Late Author Another in Series : Political Rehabilitation OKd for Soviet Novelist

Times Staff Writer

A year and a half after his death in exile, the Soviet novelist Viktor P. Nekrasov was politically rehabilitated Thursday and readmitted posthumously to the Ukrainian Writers Union.

Nekrasov, one of the leading Soviet writers of his generation, was the latest in a series of exiled authors, artists, musicians and other members of the Soviet intelligentsia to be restored to honor here as part of the liberalization under President Mikhail S. Gorbachev.

He was forced into exile in France 15 years ago for defying the political and cultural restrictions of the Brezhnev Era and for denouncing the deportation of Alexander I. Solzhenitsyn, the Nobel Prize winner, in early 1974.

Correcting an Injustice


Yuri Mushketik, first secretary of the Ukrainian Writers Union, said the rehabilitation of Nekrasov was intended not only to correct an injustice but also to contribute to the continuing political reforms in the country.

The union said it will ask for the early re-publication of Nekrasov’s books, which were printed here in 120 editions and millions of copies when he was exiled but which have been virtually impossible to find, even in libraries, since then.

His first novel, “In the Trenches of Stalingrad,” was regarded as the country’s best World War II novel because of the candor and realism with which it portrays the war as seen by foot soldiers and their officers. Nekrasov, who was trained as an architect, served as deputy commander of a construction battalion during the war and fought at Stalingrad.

He came under increasing criticism in the 1960s and 1970s as he dealt with characteristic honesty in his writings with the country’s social problems, including the return of political prisoners from the labor camps of the Stalinist Era. He was criticized personally by Nikita S. Khrushchev and later by Leonid I. Brezhnev, the Soviet leaders who succeeded the dictator Josef Stalin, as “unpleasant” and “pseudo-realistic.”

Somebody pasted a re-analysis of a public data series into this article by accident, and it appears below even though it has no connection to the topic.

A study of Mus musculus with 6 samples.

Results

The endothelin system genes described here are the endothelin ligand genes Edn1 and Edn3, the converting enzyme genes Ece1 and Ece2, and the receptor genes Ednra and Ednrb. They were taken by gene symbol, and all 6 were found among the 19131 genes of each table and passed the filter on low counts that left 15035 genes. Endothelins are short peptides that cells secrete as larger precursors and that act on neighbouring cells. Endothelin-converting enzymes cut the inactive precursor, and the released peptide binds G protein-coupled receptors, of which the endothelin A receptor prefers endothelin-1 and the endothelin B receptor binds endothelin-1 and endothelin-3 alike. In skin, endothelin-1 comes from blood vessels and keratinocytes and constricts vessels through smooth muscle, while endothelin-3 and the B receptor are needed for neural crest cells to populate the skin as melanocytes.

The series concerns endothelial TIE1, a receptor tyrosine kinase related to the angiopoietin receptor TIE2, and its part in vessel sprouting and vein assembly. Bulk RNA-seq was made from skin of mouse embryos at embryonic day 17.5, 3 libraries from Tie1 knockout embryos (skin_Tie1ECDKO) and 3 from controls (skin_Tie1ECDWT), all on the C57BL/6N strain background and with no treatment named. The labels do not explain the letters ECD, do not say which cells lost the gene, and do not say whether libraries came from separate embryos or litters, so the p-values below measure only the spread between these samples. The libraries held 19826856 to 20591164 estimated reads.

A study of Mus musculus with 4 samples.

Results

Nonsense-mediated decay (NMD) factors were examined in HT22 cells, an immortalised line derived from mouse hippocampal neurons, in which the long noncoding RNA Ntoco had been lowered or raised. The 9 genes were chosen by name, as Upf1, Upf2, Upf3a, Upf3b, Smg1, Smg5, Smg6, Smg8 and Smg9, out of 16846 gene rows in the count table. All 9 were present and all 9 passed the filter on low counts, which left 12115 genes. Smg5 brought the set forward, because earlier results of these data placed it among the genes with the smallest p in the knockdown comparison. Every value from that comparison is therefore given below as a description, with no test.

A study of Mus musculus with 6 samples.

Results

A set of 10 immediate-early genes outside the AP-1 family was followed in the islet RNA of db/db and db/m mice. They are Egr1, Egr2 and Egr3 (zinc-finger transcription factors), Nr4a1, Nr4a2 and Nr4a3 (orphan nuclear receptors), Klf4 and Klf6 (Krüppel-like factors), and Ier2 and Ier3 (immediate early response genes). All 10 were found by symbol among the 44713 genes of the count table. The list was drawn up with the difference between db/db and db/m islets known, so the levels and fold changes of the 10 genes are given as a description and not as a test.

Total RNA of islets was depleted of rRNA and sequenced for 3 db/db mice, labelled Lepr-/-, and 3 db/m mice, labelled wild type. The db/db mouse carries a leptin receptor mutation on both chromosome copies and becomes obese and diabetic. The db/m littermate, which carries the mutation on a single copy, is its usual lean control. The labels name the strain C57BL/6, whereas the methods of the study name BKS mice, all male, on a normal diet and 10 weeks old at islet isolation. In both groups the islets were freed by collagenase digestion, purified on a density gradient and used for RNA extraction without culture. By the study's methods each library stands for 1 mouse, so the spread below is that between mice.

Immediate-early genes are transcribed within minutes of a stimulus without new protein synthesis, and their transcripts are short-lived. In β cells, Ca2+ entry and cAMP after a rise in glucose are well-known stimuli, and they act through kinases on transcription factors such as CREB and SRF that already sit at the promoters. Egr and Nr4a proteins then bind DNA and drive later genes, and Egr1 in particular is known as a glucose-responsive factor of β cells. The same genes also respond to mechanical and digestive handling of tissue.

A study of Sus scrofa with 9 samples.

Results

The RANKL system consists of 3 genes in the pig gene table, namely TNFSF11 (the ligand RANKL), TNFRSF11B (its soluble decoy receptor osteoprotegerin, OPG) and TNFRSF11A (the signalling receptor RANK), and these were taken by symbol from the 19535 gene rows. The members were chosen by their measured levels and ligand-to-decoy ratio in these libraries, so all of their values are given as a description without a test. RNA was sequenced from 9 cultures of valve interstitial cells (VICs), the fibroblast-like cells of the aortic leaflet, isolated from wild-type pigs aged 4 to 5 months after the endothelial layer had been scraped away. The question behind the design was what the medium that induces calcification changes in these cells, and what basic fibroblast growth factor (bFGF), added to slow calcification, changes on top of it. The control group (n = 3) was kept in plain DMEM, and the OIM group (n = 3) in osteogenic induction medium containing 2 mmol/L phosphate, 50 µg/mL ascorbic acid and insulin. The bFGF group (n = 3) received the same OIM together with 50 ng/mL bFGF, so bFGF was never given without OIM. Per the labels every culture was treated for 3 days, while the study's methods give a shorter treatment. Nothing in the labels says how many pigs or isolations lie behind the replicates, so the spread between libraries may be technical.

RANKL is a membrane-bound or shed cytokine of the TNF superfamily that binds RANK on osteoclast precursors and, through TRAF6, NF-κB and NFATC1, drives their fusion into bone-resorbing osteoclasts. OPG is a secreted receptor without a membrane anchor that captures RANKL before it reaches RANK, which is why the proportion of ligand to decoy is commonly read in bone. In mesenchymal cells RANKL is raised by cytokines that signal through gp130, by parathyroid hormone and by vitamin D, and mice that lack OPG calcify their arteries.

As Nekrasov’s writings became more pointed and restrictions on literary and artistic expression increased under Brezhnev, many of his short stories, essays and travelogues circulated largely in samizdat form--smudged, typewritten carbon copies on thin paper, whichdissidents used to circulate clandestinely.

Although a Communist Party member since 1944, Nekrasov had made clear his political stance in 1959 by successfully protesting a government plan to build a recreation facility at Babi Yar, the ravine outside Kiev where tens of thousands of Jews were slaughtered by German troops during the war. When he refused to bow to the authorities, he came under mounting pressure from both the party, which expelled him in 1973, and then from the KGB, the Soviet security police, which forced him into exile the following year.

Born in the Ukrainian capital of Kiev in 1911, Nekrasov died on Sept. 3, 1987, in Paris, where he had been living, writing and editing the expatriate Russian-language literary journal Kontinent.